Given the well-documented conflict between the British and the Germans during World War I and especially World War II, you would think it completely impossible that the great-grandfather of the current Queen of England was a German Prince. And yet, there it is.

I found out about this rarely promoted historical fact while watching the film 'The Young Victoria' (2009, GK Films/Momentum Pictures/Sony Pictures), which centers on the story of Victoria falling in love with Albert of Saxe-Coburg and Gotha, a duchy in... Bavaria, Germany.

(Of all places in Germany, it had to be Bavaria, home of the official Führer Headquarters of Adolf Hitler, the infamous 'Kehlsteinhaus' aka 'Eagle's Nest'!)

When Queen Victoria passed and Edward VII became King of England in 1901, the Royal Family went from being representatives of the 'House of Hanover' to being representatives of the 'House of Saxe-Coburg and Gotha'.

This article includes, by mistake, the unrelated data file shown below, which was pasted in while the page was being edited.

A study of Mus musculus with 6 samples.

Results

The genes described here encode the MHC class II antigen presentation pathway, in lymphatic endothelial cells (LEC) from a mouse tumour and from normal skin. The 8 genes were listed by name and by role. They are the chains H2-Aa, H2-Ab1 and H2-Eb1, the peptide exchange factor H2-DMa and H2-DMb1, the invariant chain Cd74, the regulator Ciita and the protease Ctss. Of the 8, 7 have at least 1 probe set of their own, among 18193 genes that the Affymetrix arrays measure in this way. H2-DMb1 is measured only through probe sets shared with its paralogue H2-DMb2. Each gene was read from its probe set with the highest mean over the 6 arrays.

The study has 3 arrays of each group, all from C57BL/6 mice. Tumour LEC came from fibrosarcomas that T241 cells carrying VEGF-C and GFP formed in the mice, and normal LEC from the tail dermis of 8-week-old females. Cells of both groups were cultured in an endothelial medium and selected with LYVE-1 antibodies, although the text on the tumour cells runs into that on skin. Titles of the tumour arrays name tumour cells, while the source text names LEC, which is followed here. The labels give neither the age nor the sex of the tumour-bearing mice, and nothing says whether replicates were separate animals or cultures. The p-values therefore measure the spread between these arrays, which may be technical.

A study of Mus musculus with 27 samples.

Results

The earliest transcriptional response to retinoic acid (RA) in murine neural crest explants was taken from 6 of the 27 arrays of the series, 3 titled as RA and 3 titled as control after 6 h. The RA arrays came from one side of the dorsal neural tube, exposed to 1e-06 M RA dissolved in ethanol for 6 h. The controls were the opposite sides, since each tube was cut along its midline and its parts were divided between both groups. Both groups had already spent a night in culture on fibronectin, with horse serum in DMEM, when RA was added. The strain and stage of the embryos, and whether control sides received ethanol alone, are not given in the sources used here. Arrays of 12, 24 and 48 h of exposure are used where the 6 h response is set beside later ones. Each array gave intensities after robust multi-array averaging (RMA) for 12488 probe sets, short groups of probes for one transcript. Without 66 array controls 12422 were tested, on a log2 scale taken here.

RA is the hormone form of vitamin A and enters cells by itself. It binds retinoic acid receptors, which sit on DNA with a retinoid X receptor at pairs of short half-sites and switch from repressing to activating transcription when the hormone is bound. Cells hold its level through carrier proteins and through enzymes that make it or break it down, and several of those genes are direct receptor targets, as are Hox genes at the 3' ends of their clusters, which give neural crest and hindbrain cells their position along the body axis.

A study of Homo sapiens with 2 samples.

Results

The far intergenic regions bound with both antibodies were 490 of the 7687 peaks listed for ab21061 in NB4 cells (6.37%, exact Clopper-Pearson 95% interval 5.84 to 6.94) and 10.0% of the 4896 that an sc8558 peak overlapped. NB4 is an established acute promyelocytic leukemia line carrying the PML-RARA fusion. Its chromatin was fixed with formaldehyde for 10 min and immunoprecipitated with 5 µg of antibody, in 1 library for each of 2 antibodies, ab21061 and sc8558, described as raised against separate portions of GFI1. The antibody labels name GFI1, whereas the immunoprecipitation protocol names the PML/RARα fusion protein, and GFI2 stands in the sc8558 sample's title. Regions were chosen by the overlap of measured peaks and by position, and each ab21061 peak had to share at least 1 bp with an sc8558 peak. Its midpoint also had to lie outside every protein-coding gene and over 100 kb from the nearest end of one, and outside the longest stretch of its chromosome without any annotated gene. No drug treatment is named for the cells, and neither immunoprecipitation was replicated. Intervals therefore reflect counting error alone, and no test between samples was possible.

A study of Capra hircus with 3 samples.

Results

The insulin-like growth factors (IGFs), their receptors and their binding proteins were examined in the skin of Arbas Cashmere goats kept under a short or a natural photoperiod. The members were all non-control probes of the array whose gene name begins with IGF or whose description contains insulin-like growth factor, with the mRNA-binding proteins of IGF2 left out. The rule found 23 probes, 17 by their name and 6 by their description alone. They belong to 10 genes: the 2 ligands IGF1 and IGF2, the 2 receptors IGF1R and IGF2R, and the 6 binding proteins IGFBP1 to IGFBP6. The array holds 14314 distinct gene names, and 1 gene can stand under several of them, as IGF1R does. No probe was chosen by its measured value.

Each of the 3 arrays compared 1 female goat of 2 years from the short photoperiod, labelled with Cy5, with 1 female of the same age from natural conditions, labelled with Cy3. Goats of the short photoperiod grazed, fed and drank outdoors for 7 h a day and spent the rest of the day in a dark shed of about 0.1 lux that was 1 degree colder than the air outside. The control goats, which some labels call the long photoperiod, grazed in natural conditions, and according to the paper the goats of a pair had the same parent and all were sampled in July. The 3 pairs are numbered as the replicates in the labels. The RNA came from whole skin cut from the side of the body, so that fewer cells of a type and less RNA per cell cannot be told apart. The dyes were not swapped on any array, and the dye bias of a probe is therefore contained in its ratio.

Only 16 years later, the name was changed to 'House of Windsor' because the name of one type of German bomber during World War I was the 'Gotha G.V'. Talk about a public relations disaster for the Royal Family!

"Wait so the last name of our current king is Gotha? That's the same name as the planes that are killing our children in air raids! WHAT IS GOING ON??"

Fair question. :D


Note the incredibly cool coat of arms of Prince Albert of Saxe-Coburg and Gotha:
- a lion (England)
- a unicorn (Scotland, where else?)
- a bunch of British flags and colors
and at the top a 6 figurines that can only come from Germany:
- a bull's head
- buffalo horns
- a Saxon castle tower
- a bearded man in the outfit i'll be wearing at my wedding
- a griffin
- peacock feathers

That's 6 animals, a third of which simply don't exist!


More info:
Western Europe
July 18th, 1917
This item is shared by Philip M Shearer with the Community and the World.
Created on 2018-09-12 at 10:20 and last updated on 2018-09-19 at 16:41.